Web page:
District, GSA clash over Inclusion Policy

Tensions on display at School Board meeting


Kailey DeLozier

Freshman Mathew Loftus receives high fives after his speech at the school board meeting April 24. The Gender Sexuality Alliance and their supporters proposed a gender inclusive policy to the school board.

While attempting to push the passage of a new Gender Inclusion Policy, the Gender Sexuality Alliance’s petition garnered over 600 signatures, including that of U.S. Rep. Keith Ellison.

According to Gender Sexuality Alliance (GSA) student president senior Elise Bargman, concerned students attended the April 24 School Board meeting to voice their frustration with the pace of the district’s drafting of a new Gender Inclusion Policy.

French teacher and GSA adviser Kyle Sweeney said the push to draft a new Gender Inclusion Policy began last year, yet with little progress.

“Mr. Metz came to us, it feels like a year ago, with a gender inclusion policy that he had taken from another district or a combination of other districts,” Sweeney said. “He had been talking to people about it. He wants a gender inclusion policy, and so does the (School) Board, so we gave some feedback and then we were kind of waiting, and waiting, and waiting and nothing happened.”

Superintendent Rob Metz said he started the process of writing the Gender Inclusion Policy, but delayed court decisions have resulted in caution regarding the policy’s introduction to the School Board.

“I have the beginnings of a policy that I think in general the students would approve of but I haven’t brought it to the board yet for a couple reasons,” Metz said. “One is our attorney is recommending that we don’t yet. She’s recommending waiting for the Supreme Court to make a decision. The Minnesota School Board Association is also recommending that we don’t write one until the courts rule on this so we’re kind of stuck in the middle.”

Sweeney said the court cases the administration cited are no longer relevant, especially in light of action taken on the issue by other school districts, namely Minneapolis and St. Paul Public Schools.

“We feel like none of (the District’s) excuses are good, and that they should take a stand, because other districts have taken a stand,” Sweeney said.

School Board member chair Jim Yarosh said the School Board sought to allow all stakeholders to share their opinion, despite time constraints.

“We did the best we could to accommodate all the people there who wanted to speak and it was good input,” Yarosh said.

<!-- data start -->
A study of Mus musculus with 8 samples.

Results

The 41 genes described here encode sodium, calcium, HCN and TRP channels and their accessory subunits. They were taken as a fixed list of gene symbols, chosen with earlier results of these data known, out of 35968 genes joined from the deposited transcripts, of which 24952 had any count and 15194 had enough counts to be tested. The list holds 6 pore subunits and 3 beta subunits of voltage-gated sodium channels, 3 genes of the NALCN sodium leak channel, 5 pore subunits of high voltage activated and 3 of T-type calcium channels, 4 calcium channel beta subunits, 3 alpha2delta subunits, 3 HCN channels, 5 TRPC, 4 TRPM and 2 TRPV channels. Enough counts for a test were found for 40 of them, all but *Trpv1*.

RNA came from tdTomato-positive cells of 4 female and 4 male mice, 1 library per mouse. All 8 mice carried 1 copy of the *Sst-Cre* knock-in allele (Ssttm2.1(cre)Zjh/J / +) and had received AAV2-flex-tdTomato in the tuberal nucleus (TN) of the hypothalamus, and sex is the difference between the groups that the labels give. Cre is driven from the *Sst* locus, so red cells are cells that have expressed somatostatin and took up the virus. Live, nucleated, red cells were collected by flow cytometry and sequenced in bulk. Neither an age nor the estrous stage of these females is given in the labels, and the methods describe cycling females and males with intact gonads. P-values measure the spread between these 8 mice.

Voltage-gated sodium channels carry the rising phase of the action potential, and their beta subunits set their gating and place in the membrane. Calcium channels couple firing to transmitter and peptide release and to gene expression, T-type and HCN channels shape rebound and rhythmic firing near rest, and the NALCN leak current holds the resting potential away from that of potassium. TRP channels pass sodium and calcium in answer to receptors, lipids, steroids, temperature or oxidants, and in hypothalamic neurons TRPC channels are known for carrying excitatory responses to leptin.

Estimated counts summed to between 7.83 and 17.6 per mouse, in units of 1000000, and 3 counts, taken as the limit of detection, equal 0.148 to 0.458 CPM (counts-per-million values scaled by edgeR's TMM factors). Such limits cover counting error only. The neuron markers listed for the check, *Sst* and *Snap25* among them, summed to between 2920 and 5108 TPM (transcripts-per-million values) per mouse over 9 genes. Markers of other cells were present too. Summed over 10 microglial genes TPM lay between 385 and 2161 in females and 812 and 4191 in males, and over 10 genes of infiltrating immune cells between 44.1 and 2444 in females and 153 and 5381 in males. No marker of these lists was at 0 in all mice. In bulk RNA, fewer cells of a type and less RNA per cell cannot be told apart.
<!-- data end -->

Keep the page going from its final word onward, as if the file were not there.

Despite the opportunity to voice their concerns, Bargman said she was especially troubled by the response Metz provided at the School Board meeting.

“I felt that the way that Mr. Metz phrased his response, it didn’t sound like he was really listening and if he was, he wasn’t acknowledging the points that we had made,” Bargman said. “It felt like excuses.”

Sweeney said she also found Metz’s response to be unsatisfactory.

“(Metz) compared the policy to the memorial policy, and he was trying to explain how policy was put in place,” Sweeney said. “I think he was minimizing the issue because the memorial policy is a procedure, it’s a procedural policy on what the school’s response should be in that sort of situation, but this not a procedure this is student protection and it was frankly a little insulting.”

Metz said he understands the community’s concerns about the speed of the policy’s passing, but reiterated the importance of patience surrounding pending court decisions.

“It’s just safer to wait. I know it’s frustrating for the students,” Metz said. “The courts are really where it’s going to be decided and they aren’t ruling on it. So we’re kind of hanging here waiting, cause whatever we do we’re going to get pushback from one side or the other and it would just be a lot safer to say ‘the courts have ruled and this is what they say.’”

Yarosh said the School Board’s reticence to pass the policy is in part a result of the greater social implications of the issues at stake.

“Obviously there may be some other considerations, so I hate to put a timetable on it,” Yarosh said. “There may be other branches of government that weigh in, I mean these are bigger societal issues that we can’t do something on, but if there’s a court ruling, that may have an impact.”

According to Metz, the policy remains a point of controversy among students, and both perspectives must be taken into account prior to its passing.

“This (policy) is unique because there are parts of it that the students who were at the School Board meeting would really approve of but a lot of other students wouldn’t,” Metz said. “It would mean hearing from them too, and we haven’t done that yet. So there would have to be a lot of listening to all different kinds of points of view.”

Bargman said the GSA will continue to work to pass the Gender Inclusion Policy despite the lack of School Board action thus far.

“We are going to continue to push,” Bargman said. “I think we’re not quite sure what our strategy is from here on out but we’re thinking that we might continue attending open forum meetings until the School Board takes action.”